On the third day of operation of the People’s Assembly website, people have filed 237 proposals, with the bulk of them aiming to reform the electoral system and political financing rules.
As of Wednesday morning, 117 proposals were made regarding elections, 52 regarding political financing, 31 regarding citizen involvement in lawmaking, 21 regarding political parties, and 16 regarding the politicization of public offices.
“The proposals that have been made range from wall to wall,” e-Governance Academy director Liia Hänni told ETV on Monday.
One of the most popular propositions was to introduce the preference vote – where voter preference for specific MPs is considered – rather than the current closed-list system where the party’s own list determines how seats are divided up.
At least one proposal was made in Russian, calling for the granting of Estonian citizenship to everyone born in the country. The idea was supported by nine and opposed by 33 people.
A number of elected officials have also weighed in on the website.
Proposals made by them included the implementation of direct presidential elections; bringing the number of members required for the creation of a new political party from 1,000 to 500; requiring parties to have positive net assets; setting election campaign spending limits; and reducing the number of members in Parliament.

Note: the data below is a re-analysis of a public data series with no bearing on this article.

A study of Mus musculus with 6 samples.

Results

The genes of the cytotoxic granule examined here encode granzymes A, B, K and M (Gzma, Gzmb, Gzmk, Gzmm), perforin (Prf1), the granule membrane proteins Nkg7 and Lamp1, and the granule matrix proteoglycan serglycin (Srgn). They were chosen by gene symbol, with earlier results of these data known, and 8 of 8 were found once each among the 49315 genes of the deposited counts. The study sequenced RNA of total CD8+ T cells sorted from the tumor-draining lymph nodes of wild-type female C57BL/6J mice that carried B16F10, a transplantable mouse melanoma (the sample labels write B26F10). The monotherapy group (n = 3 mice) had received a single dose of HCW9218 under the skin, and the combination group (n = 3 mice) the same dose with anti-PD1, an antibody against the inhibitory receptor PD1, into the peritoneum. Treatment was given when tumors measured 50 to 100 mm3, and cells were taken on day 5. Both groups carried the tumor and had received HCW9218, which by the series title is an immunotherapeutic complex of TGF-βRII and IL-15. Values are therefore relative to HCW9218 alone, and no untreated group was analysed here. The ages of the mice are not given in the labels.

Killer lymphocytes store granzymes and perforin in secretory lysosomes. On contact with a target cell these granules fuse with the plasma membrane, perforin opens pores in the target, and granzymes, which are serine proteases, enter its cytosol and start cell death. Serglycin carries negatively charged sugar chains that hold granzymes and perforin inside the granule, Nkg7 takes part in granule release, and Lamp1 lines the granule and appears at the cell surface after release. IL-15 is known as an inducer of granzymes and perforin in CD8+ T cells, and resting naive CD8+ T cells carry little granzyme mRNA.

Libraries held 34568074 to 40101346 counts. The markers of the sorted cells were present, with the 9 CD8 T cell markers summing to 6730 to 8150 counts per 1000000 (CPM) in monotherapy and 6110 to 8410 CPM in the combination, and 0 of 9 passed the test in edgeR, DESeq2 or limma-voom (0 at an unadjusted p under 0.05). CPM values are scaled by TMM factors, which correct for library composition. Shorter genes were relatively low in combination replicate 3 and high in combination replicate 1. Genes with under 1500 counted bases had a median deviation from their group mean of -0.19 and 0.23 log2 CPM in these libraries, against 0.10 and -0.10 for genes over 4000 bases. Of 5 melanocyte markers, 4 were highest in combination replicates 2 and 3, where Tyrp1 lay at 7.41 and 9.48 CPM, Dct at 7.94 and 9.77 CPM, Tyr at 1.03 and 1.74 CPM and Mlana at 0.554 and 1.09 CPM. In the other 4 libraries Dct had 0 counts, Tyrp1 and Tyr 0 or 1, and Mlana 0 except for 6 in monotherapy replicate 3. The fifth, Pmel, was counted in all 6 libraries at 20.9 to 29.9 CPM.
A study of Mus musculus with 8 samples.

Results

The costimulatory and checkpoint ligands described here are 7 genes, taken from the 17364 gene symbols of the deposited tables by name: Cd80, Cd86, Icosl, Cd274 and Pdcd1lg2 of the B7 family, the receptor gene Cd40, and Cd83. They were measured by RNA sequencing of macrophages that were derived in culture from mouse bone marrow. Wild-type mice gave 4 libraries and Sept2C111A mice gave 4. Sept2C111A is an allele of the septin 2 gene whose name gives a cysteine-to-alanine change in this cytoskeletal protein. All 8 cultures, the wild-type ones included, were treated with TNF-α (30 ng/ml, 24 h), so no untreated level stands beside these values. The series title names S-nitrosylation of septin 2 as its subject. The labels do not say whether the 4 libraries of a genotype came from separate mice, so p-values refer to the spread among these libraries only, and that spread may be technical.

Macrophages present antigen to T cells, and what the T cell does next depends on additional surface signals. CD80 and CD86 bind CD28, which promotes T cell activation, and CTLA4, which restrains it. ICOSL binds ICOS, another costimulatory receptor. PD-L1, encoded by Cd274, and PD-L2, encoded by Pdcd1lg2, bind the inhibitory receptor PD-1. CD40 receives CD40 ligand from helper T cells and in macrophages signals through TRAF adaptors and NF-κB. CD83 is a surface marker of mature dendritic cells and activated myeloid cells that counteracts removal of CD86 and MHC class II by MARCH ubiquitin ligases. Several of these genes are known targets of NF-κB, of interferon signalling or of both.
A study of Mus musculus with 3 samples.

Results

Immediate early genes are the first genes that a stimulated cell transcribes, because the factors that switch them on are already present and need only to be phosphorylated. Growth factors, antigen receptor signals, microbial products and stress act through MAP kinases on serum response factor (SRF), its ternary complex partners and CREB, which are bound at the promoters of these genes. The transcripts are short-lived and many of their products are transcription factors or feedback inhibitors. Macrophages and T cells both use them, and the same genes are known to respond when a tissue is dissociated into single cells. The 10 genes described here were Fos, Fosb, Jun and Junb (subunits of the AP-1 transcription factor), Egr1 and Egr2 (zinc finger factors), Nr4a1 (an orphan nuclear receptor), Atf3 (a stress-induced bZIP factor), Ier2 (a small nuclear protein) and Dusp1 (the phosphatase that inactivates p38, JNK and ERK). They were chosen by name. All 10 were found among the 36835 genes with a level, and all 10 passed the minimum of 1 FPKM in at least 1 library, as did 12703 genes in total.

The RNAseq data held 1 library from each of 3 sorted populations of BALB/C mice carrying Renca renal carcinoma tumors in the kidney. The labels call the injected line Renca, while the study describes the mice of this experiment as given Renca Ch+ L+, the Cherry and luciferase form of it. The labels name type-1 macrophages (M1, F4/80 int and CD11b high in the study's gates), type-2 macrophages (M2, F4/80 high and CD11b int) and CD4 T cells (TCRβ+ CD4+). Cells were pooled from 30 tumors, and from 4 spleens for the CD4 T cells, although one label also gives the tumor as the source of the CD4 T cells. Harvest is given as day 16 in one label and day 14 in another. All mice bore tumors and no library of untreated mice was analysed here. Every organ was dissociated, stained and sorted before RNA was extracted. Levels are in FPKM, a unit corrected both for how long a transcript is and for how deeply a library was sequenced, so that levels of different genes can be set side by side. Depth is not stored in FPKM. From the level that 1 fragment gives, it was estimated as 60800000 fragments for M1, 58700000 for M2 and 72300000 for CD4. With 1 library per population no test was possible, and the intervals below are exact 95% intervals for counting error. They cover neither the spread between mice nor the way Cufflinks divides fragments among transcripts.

Center Party MP Priit Toobal attacked a claim to fame of e-Estonia – electronic elections. But 108 people opposed his motion, and only 24 supported it. At the other extreme, only 23 supported transitioning to an online-voting-only platform, while 68 were against.
Olari Koppel, chairman of the Estonian Cooperation Assembly, one of the NGOs behind the project, expressed confidence that the People’s Assembly website could continue as operation beyond the initial experiment, as proposals can only be made until the end of the month.
“If the process is successful and the public accepts it as one option for getting things done and Parliament finds that laws can be reformed based on the proposals, then I believe the People’s Assembly will have proven itself as a democratic instrument and can in principle be used for discussion in other areas,” Koppel told uudised.err.ee on Monday.
“It seems that, at the least, the launch has been successful. My inner feeling – that the entries would turn out to be useful, well-argued and that there would be relatively few substance-less whacking – has turned out to be true,” Koppel said.
Regarding the “usefulness” of the proposals, at least one was circulating on social media that was not quite what the People’s Assembly had had in mind.
A citizen suggested that hemp consumption be legalized on Piirisaar, a small island on Lake Peipsi with fewer than 100 residents and a cultural preserve of Old Believers. The suggestion was endorsed by 22 and opposed by 41 people.
Championed by the Estonian president in light of political turmoil late last year, the crowd-sourcing website – rahvakogu.ee – aims to bring democracy closer to voters and to fix controversial political laws. Those who want to make a proposal or comment are required to log in with their national ID card.
In the first stage of the initiative, until the end of January, proposals and comments will be submitted online. In February, analysts will go over the proposals and group them into bundles. In March, the proposals that win enough support will be debated at public meetings and presented to Parliament by the president.
Addressing the analysis phase, Hänni said: “It does not mean that someone will say that one proposal is good or that another is bad. They will simply try to analyze the impact of a given proposal on society.”